Perineal status

Perineal status refers to the state of the perineum after vaginal birth. Perineal status is categorised as intact, first degree laceration, second degree laceration, third or fourth degree laceration, episiotomy or other type of perineal laceration, rupture or tear. An episiotomy is an incision of the perineum and vagina to enlarge the vulval orifice. Data are specific to women who  gave birth vaginally.

Nearly 1 in 5 (19%) mothers had an intact perineum. Where the perineum was not intact, second degree lacerations were most common (31%), followed by first degree lacerations (23%). Only a small proportion of women had a third or fourth degree laceration (less than 3%).

Figure 1 presents data on the perineal status of women who gave birth vaginally, by selected maternal characteristics, for 2021. Select the trend button to see how data has changed over an 8-year period.

Figure 1: Proportion of women who gave birth vaginally, by perineal status and selected topic

Bar chart shows perineal status by selected topics and a line graph shows topic trends between 2014 and 2021.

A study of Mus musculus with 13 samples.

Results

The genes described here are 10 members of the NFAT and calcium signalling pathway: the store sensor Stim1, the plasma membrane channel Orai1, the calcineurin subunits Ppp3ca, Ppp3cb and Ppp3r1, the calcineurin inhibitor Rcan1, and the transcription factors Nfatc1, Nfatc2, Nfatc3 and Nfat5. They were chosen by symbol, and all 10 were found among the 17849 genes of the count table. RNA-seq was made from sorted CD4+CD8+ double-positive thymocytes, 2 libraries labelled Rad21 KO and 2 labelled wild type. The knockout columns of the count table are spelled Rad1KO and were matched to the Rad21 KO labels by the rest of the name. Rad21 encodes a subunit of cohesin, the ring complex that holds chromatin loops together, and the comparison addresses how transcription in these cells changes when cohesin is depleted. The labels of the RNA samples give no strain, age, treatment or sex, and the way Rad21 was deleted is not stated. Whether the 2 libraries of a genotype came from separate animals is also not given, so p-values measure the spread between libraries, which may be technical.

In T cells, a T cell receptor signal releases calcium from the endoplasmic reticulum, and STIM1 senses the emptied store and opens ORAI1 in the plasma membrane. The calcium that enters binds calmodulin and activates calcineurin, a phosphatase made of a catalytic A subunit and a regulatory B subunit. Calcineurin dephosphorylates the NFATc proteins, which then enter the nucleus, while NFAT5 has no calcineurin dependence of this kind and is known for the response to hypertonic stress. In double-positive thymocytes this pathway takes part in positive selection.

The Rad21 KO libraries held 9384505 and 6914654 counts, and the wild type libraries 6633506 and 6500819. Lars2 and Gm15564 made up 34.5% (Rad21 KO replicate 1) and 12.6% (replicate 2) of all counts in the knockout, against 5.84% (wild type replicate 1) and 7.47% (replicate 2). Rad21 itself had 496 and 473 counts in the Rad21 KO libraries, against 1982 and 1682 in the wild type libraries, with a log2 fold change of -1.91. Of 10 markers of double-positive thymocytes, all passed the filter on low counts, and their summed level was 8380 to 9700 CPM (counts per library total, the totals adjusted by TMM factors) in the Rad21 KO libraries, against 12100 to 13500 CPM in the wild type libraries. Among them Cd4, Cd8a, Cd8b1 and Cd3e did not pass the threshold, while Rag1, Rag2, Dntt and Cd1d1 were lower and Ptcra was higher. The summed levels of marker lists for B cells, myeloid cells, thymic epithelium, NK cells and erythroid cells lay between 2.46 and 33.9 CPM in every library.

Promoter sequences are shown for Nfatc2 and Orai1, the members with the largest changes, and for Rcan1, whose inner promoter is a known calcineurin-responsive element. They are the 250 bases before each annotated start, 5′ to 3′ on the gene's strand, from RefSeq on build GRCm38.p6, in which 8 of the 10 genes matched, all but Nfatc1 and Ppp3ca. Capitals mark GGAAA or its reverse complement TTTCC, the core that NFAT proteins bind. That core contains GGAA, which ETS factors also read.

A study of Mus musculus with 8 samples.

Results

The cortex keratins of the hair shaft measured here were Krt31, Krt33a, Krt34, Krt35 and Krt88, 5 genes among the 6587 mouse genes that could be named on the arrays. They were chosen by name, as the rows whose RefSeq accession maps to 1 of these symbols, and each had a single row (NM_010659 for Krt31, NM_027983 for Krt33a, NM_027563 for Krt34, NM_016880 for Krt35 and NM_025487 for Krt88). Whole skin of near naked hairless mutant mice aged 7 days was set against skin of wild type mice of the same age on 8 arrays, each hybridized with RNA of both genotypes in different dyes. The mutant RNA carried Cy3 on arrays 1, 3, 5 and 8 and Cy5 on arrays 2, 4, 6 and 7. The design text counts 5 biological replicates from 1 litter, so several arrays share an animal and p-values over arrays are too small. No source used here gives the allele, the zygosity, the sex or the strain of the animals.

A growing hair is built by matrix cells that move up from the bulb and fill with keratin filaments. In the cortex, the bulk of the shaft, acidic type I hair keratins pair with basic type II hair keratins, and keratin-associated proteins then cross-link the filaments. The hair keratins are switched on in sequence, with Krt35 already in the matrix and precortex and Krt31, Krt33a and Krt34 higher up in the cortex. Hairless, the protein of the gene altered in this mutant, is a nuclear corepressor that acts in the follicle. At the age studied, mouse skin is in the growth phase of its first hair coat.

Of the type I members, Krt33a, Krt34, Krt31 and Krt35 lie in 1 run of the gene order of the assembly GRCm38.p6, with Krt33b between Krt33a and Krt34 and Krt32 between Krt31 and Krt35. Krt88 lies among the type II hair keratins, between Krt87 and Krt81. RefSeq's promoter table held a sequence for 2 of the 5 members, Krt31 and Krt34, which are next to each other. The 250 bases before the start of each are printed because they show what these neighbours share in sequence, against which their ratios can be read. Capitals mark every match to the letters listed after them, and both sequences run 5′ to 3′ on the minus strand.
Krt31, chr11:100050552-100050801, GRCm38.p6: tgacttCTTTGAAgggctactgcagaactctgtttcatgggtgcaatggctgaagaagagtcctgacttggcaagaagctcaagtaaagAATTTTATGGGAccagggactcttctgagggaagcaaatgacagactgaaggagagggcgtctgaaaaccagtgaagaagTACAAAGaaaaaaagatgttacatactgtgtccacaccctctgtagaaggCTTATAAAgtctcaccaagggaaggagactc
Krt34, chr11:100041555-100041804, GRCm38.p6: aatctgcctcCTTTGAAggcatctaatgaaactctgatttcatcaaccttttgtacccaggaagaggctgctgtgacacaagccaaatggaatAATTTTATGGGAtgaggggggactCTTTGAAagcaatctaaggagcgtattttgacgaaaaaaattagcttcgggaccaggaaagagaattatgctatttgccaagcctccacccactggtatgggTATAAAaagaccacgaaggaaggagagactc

Around 1 in 4 (25%) mothers had an episiotomy, noting that women could be recorded as having both an episiotomy and some degree of laceration.

Internationally, Australia’s rate of third- and fourth-degree lacerations was higher than the average for Organisation for Economic Co-operation and Development (OECD) countries in 2019 or nearest year for both non-instrumental and instrumental vaginal births:

  • 2.2 per 100 non-instrumental vaginal births compared with the OECD average of 1.4
  • 5.7 per 100 instrumental vaginal births compared with the OECD average of 5.3 (OECD 2023).

Variation between countries is likely to be affected by differences in clinical practice and reporting (ACSQHC 2018).

For related information see National Core Maternity Indicators:

For more information on births by state and territory see National Perinatal Data Collection annual update data table 2.45.


ACSQHC (Australian Commission on Safety and Quality in Health Care) (2018) The second Australian atlas of healthcare variation, ACSQHC, accessed 3 January 2018.

OECD (Organisation for Economic Co-operation and Development) (2022) Health at a glance 2021: OECD indicators , OECD, accessed 9 June 2023.